Kyle Farmer

Chesny Young is a regular in these Dugout Doings columns. From his days leading Marist High School to two state championships through three record-setting years with the Mercer University Bears to his rise in the  Chicago Cubs baseball organization, I have written about him often and will, again, today. Too seldom, however, have I written about Kyle Farmer. Kyle, like Chesny, is an NYO and Marist alum, who starred at shortstop for the University of Georgia. Now a catcher, Kyle is on the Los Angeles Dodgers' 40-man roster and has been rated among the team's top-25 prospects by truebluela.com. Chesny is rated #23 among rising Chicago stars by cubsinsider.com and was a non-roster invitee to spring training.

Google either of their names and you'll find high praise for each. 'Farmer very well could be the next man up . . . as the third catcher on the 40-man (roster), but it seems likely he'll spend quite a bit of time in Triple-A Oklahoma City, where he ended last year in the Pacific Coast League playoffs,' according to truebluela.com. Here's what cubsinsider has to say about Chesny: 'Now at Triple-A Iowa, Young can almost sniff Chicago. (This) should be his best year, as he will be in the hitter-friendly Pacific Coast League. Young hit .303 at Double-A Tennessee in 2016 and might be able to come up and stick with Chicago later in this year.' (To read more, please click on headline)


At 26, Kyle is a couple of years older than Chesny. He had a .308 career batting average at UGA and recorded a .968 fielding percentage, a school record for shortstops. The Dodgers took him in the eighth round of the 2013 MLB draft. In 2015, he was selected to the mid-season Single-A all-star team, but did not play due to a promotion to the Dodgers Double-A Tulsa Drillers of the Texas League, where he played in 76 games and hit .272. Kyle was selected to represent the Dodgers in the 2015 All-Star Futures game.  Last year, he played 74 games for the Drillers, hitting .256 with five homers and 31 runs-batted-in, before a late-seson promotion to Oklahoma City.  

Because of his college years as a shortstop, the Dodgers look to Kyle to play third base, too. He has played 43 games at third over the last two seasons. 'Farmer is a no-frills offensive performer (with) a better-than-average hit tool for a catcher,' according to truebluela.com. '(He) has a gap-to-gap line drive approach with a short swing and an above average ability to recognize pitches. As a catching convert, Farmer's defensive tools have come along quite well.  He has a decent arm and a quick release to control the running game.'  The Dodgers' proximity to Hollywood can't hurt, either. A football player at Marist, Kyle made a cameo appearance as the high school quarterback in the movie, 'The Blind Side.'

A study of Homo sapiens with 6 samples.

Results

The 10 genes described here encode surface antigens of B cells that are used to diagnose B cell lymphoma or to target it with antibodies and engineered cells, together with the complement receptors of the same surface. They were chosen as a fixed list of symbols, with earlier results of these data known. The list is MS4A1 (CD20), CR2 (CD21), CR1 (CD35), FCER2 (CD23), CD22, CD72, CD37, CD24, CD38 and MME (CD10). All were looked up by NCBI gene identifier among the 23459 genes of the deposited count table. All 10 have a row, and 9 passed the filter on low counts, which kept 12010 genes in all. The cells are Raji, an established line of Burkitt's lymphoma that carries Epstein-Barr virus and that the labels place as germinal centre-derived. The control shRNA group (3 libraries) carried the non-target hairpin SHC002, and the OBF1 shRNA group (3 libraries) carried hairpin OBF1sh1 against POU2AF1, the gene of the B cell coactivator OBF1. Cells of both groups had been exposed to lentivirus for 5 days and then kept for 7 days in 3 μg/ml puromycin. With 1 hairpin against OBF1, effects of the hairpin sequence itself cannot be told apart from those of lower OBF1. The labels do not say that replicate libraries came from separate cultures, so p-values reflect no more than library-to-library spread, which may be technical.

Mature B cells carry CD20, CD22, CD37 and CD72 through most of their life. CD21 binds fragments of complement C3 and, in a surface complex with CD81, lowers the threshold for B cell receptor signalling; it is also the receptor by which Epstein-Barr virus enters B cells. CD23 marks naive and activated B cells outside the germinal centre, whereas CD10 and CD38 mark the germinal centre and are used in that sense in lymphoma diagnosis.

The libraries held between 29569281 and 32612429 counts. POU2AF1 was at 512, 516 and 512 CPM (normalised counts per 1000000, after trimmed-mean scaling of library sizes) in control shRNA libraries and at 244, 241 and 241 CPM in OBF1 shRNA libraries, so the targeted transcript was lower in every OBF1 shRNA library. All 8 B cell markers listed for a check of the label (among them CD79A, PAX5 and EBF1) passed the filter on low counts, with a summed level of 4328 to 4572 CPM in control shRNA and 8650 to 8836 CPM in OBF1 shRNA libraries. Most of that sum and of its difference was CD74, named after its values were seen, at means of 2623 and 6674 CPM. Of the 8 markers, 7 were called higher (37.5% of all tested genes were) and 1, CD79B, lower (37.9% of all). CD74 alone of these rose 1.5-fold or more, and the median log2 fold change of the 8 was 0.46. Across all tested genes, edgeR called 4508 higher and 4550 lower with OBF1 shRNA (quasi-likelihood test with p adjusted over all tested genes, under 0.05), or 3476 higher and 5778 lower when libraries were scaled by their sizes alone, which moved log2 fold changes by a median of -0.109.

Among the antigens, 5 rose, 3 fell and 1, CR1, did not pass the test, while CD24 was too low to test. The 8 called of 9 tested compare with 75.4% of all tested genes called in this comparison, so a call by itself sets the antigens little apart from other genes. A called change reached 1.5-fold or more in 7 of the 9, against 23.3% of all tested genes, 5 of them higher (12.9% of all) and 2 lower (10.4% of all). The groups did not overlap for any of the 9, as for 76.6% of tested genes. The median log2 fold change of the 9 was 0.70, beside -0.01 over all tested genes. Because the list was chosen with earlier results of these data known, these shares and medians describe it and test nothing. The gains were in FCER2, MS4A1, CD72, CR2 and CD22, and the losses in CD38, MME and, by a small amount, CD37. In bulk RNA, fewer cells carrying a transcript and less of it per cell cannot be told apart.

Chesny also draws strong reviews on Cubs' web sites.  Although listed as a second-baseman, he's seen as a utility-player, too. 'Young has played all over the infield at Myrtle Beach and Tennessee, where he also logged eight games in the outfield in the last two seasons,' cubsinsider says. 'That versatilty could prime him for a utility role in the majors.'

Through Saturday, March 10, Chesny had six hits in 24 at-bats for a .250 average. In 300 minor-league games, he's a .314 hitter. Cubsinsider said he 'leads a group of five interesting (minor league) hitters to track in 2017.'  He played in the Domican Winter League for the Leones del Escogido team which was in last place when he joined them. Chesny hit .351 in 22 games and helped Leones qualify for post-season play.

Perhaps his Spring Training highlight came this past Friday in the sixth-inning of an 11-10 loss to the Seattle Mariners. There, on the mlb.com video, stood right-handed-hitting Chesny, waiting patiently as the Mariners pitcher delivered the pitch. The ball rocketed from his compact swing for a two-run homer over the left-centerfield fence.  Except for the #85 on his Cubs jersey, Chesny looked every bit the major leaguer he and Kyle hope to become.

(Jay Smith writes Dugout Doings and knows how rare it is to have one, let alone two, products of a rec baseball league knocking on the door of Major League Baseball.)